An elderly whos life is fading.

Common disorders that cause cognitive decline

“Organic mental disorder” is a term used to describe reduced cognitive ability due to a disease that is physical, rather than psychiatric. Often, these debilitating disorders can be treated but not cured. As a result, many people who suffer from these conditions in Illinois may qualify for Social Security Disability benefits. As any attorney Social Security can confirm, the Social Security Administration may consider numerous organic mental disorders disabling, including the following three.

Degenerative disorders

Various degenerative disorders, including Alzheimer’s disease, Parkinson’s disease and Huntington’s disease, represent organic mental disorders. These diseases, which involve the degeneration of nerve cells in the brain, can cause various detrimental cognitive changes. Victims may experience memory problems, impulse control issues, loss of concentration and difficulty performing executive functions.

These disorders are evaluated under the SSA’s general criteria for organic mental disorders. An organic mental disorder is considered disabling if victims document two functional limitations and one sign of impaired cognitive function. Potential signs include:

  • Personality changes
  • Reduced intellectual ability
  • Disorientation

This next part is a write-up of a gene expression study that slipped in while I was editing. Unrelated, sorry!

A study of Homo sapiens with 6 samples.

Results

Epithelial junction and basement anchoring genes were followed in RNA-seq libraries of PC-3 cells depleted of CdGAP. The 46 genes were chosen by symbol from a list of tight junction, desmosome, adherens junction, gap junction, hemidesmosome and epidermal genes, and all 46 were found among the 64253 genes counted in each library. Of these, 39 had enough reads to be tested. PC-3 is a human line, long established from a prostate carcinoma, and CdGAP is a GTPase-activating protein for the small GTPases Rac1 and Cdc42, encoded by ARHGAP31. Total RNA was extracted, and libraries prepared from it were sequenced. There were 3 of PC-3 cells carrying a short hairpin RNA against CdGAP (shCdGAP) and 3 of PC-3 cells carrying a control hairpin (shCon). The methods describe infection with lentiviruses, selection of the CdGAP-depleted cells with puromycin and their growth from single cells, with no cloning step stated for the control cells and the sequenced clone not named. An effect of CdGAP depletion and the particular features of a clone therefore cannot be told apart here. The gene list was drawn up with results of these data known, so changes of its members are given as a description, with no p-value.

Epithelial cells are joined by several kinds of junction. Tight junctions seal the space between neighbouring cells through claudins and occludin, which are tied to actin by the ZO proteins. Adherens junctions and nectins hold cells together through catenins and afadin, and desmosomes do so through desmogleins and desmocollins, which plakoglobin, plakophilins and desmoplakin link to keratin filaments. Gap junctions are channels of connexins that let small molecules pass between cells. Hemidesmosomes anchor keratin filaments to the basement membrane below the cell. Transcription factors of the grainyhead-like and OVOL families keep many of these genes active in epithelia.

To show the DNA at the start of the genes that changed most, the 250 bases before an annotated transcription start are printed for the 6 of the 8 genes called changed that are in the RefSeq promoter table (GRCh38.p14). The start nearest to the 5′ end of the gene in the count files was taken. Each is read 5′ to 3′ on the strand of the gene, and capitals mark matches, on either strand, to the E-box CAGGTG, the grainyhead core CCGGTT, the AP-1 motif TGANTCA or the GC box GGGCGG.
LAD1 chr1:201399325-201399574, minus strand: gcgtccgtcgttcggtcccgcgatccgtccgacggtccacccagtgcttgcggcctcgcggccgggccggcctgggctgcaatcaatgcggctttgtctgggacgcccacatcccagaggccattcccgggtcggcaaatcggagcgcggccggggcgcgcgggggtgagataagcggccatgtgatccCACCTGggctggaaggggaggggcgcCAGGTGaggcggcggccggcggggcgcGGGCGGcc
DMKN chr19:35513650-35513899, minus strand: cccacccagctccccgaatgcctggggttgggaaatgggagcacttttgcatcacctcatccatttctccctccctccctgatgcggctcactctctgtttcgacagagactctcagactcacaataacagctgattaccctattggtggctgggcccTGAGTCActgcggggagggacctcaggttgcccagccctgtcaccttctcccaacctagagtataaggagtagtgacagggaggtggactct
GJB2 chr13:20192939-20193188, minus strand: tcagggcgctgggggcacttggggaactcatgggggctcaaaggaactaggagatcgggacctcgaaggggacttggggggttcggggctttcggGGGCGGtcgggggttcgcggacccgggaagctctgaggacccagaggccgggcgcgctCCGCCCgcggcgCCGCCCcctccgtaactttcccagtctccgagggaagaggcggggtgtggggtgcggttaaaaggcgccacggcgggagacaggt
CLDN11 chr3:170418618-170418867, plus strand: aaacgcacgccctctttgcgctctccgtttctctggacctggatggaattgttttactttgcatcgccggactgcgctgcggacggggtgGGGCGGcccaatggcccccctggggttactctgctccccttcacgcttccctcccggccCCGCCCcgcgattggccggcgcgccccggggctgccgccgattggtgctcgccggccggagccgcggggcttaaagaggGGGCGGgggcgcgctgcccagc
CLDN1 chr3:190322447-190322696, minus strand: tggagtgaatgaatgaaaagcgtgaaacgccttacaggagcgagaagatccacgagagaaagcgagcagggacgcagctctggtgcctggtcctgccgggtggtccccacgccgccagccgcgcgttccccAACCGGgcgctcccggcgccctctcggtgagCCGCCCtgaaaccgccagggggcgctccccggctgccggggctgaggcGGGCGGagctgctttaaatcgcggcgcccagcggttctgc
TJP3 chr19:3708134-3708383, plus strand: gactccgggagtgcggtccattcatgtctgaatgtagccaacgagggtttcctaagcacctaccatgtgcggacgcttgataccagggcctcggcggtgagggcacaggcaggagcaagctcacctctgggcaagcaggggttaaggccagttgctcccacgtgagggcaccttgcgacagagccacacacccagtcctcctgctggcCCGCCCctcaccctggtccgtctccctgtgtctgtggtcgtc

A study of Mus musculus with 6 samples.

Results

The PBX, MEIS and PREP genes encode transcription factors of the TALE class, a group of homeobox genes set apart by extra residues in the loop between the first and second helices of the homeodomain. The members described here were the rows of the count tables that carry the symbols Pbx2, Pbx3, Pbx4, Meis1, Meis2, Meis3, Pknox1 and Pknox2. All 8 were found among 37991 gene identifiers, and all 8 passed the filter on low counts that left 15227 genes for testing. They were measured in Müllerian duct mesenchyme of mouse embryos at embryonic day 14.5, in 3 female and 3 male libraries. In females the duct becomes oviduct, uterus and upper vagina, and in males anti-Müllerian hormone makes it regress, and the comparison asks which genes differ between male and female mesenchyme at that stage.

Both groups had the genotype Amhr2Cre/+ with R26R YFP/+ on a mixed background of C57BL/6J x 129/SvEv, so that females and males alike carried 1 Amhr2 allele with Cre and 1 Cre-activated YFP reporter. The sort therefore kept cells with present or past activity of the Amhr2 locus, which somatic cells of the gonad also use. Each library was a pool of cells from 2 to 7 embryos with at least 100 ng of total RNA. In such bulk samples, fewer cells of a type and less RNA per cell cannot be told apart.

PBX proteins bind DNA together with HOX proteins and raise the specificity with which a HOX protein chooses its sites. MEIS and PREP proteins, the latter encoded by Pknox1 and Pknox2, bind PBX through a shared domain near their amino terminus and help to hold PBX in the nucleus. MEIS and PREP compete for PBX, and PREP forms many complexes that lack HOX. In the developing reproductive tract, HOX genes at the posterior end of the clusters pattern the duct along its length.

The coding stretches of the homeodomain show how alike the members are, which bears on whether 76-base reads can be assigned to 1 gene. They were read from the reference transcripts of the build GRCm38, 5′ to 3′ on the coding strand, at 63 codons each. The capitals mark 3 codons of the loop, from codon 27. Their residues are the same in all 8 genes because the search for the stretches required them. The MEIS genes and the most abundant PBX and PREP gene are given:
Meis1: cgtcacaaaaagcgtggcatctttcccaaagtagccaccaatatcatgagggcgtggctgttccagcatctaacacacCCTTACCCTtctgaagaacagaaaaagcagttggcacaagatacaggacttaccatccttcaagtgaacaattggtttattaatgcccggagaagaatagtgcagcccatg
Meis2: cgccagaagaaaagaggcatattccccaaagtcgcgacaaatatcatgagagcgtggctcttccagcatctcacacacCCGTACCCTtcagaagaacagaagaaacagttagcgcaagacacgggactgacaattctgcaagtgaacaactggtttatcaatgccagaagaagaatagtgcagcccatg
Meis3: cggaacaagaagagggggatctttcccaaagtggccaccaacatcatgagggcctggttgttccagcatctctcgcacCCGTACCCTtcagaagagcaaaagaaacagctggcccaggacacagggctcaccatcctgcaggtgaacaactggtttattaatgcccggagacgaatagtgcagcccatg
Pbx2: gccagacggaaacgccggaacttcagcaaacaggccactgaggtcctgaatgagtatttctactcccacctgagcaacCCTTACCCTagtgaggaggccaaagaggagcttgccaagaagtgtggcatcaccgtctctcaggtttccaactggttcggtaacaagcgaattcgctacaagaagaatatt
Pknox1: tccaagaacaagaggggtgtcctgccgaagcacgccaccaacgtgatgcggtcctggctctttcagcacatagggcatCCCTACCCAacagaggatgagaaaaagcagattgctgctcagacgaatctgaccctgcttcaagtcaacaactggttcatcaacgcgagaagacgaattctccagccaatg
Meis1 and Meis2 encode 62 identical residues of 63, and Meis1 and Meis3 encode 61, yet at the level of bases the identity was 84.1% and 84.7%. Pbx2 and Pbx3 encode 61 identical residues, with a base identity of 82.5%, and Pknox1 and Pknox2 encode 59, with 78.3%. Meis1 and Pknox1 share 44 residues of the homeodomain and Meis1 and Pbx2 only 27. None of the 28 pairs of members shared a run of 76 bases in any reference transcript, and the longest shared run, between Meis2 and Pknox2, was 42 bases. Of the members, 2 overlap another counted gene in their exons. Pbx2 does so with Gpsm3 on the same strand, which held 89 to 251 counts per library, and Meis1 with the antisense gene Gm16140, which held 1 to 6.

• Memory problems

As an attorney Social Security could explain, functional limitations include difficulty functioning socially, performing daily activities or focusing to finish tasks. Recurrent episodes of decompensation, or episodes when symptoms become more severe, also qualify as a functional limitation.

Brain tumors

Benign or malignant tumors can cause various adverse physical and cognitive symptoms. These symptoms depend largely on the location of the tumor. Victims may suffer from sensory losses, motor control issues, seizures, impaired cognitive function or personality shifts. Additionally, victims of brain cancer may experience adverse effects from radiation therapy.

As any attorney Social Security knows, during SSD claims, benign tumors may be evaluated under the general criteria for organic mental disorders. Brain cancer can also be evaluated under its own distinct set of criteria. The same is true of various potential side effects of brain tumors, including seizure and stroke.

Traumatic brain injury

A traumatic brain injury can affect emotions, sensory perception, rational abilities, motor skills and speech. Like brain tumors, TBIs can directly cause various conditions that the SSA considers disabling, such as seizure disorders. TBI victims may also have a higher risk of developing other disorders, such as Parkinson’s disease.

The long-term effects of TBIs are often difficult to predict. Some symptoms may improve, while others may not manifest until long after the injury. The SSA takes this variability into account when assessing TBI claims. If a TBI causes significant impairment, the SSA may make a decision within three months of the injury. However, the SSA may also defer a claim decision until six months after the injury, when residual effects become more apparent.